While writing at the coffee shop a few weeks ago, a friend of mine stopped by and told me about a real estate seminar he was attending the upcoming weekend.
The seminar was held at a local hotel and the promise was to teach attendees the secrets of flipping houses. You know, buy a foreclosure home, fix it up, and resell it for profit.
My patience for these types of seminars has come to an end. Almost always they over promise and ultimately the attendees end up a few dollars poorer.
I guess it’s not the idea of the seminar that bothers me so much, it’s the person leading the event and their hidden agenda that so irritates me. Yeah, what bothers me about the seminar culture are the “gurus”.
These characters, self proclaimed experts, take advantage of people. They market to them knowing full well that a high percentage of attendees will buy their program and never follow through.
The gurus have learned to take advantage of group think. You know, the general consciousness of most folks. Common knowledge and current trends tend to create the environment for gurus to thrive.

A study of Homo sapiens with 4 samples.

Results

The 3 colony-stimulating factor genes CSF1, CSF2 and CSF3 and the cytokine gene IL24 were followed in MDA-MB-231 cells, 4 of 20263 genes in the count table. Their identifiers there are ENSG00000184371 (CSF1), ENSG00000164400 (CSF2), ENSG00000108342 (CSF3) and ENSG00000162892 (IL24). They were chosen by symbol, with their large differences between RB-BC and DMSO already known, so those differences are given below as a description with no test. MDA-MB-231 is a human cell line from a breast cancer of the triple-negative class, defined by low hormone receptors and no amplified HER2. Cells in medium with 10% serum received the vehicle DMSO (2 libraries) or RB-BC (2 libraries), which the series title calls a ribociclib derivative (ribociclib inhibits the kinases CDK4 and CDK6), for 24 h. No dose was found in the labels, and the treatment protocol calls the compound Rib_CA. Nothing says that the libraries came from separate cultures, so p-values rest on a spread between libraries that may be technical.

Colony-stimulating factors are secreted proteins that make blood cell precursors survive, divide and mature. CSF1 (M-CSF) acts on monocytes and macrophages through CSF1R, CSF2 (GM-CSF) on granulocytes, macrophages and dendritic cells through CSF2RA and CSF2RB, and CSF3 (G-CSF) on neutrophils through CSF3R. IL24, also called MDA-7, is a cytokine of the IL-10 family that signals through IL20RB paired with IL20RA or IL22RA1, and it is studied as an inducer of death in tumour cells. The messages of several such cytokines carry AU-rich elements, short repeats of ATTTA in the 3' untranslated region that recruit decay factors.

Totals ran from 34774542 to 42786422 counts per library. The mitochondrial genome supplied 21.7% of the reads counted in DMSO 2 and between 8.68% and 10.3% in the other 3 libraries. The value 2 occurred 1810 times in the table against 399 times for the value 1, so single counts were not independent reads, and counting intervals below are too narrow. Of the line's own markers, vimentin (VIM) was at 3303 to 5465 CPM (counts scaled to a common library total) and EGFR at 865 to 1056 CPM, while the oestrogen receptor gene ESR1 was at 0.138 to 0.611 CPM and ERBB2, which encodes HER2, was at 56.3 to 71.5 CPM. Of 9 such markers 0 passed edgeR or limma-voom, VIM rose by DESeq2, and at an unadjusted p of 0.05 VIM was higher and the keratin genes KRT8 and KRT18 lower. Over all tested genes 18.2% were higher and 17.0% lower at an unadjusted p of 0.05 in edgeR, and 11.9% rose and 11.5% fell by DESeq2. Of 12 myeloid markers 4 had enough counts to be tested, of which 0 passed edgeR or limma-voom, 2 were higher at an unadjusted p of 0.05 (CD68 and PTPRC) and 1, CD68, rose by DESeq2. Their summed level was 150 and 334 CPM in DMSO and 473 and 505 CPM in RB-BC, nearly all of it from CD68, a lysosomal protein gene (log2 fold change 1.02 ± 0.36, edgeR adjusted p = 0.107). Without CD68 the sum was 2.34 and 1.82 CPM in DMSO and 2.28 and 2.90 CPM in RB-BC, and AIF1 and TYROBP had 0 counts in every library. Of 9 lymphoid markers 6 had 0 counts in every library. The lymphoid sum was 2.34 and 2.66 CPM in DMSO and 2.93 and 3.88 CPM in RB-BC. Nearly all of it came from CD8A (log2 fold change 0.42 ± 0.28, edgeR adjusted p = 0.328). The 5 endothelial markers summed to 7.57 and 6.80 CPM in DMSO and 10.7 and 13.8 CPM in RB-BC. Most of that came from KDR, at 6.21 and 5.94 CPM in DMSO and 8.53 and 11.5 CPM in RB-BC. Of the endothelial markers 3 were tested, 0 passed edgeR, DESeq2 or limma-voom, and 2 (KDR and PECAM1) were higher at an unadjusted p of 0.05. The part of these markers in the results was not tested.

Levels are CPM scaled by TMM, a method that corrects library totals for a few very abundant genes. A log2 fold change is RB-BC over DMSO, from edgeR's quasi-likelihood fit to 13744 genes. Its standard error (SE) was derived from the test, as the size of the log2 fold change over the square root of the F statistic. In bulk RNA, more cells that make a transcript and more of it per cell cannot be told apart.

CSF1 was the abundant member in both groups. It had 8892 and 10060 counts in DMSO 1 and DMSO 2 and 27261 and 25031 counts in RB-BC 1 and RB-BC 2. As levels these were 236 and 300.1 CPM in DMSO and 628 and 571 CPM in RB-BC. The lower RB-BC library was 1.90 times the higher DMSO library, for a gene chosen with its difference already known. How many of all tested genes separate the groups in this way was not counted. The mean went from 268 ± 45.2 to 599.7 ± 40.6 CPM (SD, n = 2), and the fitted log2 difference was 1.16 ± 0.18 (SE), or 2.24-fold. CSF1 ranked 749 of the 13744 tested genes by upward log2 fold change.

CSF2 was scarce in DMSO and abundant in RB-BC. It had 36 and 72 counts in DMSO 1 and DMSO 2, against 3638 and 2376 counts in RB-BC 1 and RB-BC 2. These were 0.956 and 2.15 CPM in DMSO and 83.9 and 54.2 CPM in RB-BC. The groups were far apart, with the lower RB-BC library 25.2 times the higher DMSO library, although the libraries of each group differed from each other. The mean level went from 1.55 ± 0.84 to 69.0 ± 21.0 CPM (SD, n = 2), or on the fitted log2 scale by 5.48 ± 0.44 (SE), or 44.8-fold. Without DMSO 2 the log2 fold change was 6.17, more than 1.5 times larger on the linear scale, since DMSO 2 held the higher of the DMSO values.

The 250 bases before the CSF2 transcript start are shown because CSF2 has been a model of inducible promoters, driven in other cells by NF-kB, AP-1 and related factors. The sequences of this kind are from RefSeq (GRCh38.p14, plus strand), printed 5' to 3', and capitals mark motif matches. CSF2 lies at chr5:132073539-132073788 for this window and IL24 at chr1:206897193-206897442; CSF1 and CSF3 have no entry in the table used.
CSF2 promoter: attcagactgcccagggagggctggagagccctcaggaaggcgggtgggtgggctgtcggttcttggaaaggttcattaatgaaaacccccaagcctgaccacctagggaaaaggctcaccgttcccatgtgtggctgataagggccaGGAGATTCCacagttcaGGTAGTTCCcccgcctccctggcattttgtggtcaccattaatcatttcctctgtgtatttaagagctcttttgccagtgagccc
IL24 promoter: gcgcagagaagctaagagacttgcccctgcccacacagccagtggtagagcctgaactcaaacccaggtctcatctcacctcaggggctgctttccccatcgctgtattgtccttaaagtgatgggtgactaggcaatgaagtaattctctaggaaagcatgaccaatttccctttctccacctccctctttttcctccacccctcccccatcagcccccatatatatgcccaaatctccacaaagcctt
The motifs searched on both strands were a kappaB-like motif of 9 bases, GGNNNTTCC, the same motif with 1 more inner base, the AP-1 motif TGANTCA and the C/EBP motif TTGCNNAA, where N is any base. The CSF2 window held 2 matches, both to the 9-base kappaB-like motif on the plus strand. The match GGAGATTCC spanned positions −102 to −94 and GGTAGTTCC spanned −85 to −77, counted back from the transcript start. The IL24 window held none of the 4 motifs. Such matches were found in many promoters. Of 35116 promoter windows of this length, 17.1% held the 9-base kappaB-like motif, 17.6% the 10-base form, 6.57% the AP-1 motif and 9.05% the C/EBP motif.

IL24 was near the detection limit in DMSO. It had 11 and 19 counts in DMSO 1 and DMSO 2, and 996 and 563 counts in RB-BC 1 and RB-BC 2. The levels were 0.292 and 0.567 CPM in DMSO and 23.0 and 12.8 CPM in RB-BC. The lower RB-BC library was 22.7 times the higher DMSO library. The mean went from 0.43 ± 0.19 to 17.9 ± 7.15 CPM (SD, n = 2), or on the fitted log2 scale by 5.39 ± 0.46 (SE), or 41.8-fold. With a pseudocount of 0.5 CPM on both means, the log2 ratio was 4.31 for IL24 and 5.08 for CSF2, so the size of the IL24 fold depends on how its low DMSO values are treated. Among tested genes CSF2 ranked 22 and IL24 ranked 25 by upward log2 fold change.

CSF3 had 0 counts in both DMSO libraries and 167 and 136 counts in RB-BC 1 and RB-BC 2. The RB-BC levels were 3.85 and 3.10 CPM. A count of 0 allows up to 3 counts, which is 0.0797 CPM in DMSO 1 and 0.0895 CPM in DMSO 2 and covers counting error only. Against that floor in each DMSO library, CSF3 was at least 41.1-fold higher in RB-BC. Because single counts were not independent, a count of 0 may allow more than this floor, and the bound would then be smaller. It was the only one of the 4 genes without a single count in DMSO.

Chip and Joanna Gaines have a television show called Fixer Upper, a show about taking an old property and bringing it back to life. Fixer Upper creates the environment, the gurus step in and take advantage. Hence, the flipping seminar.
Where group think exists, gurus thrive. We want to believe because of course there must be an easier way.
Really, I can’t understand why anyone would put their trust in some guru, because here’s the truth–short cuts don’t exist.
Anything worth doing takes hard work, diligence, and discipline.
Some choose to do the work, others decide to trust the gurus.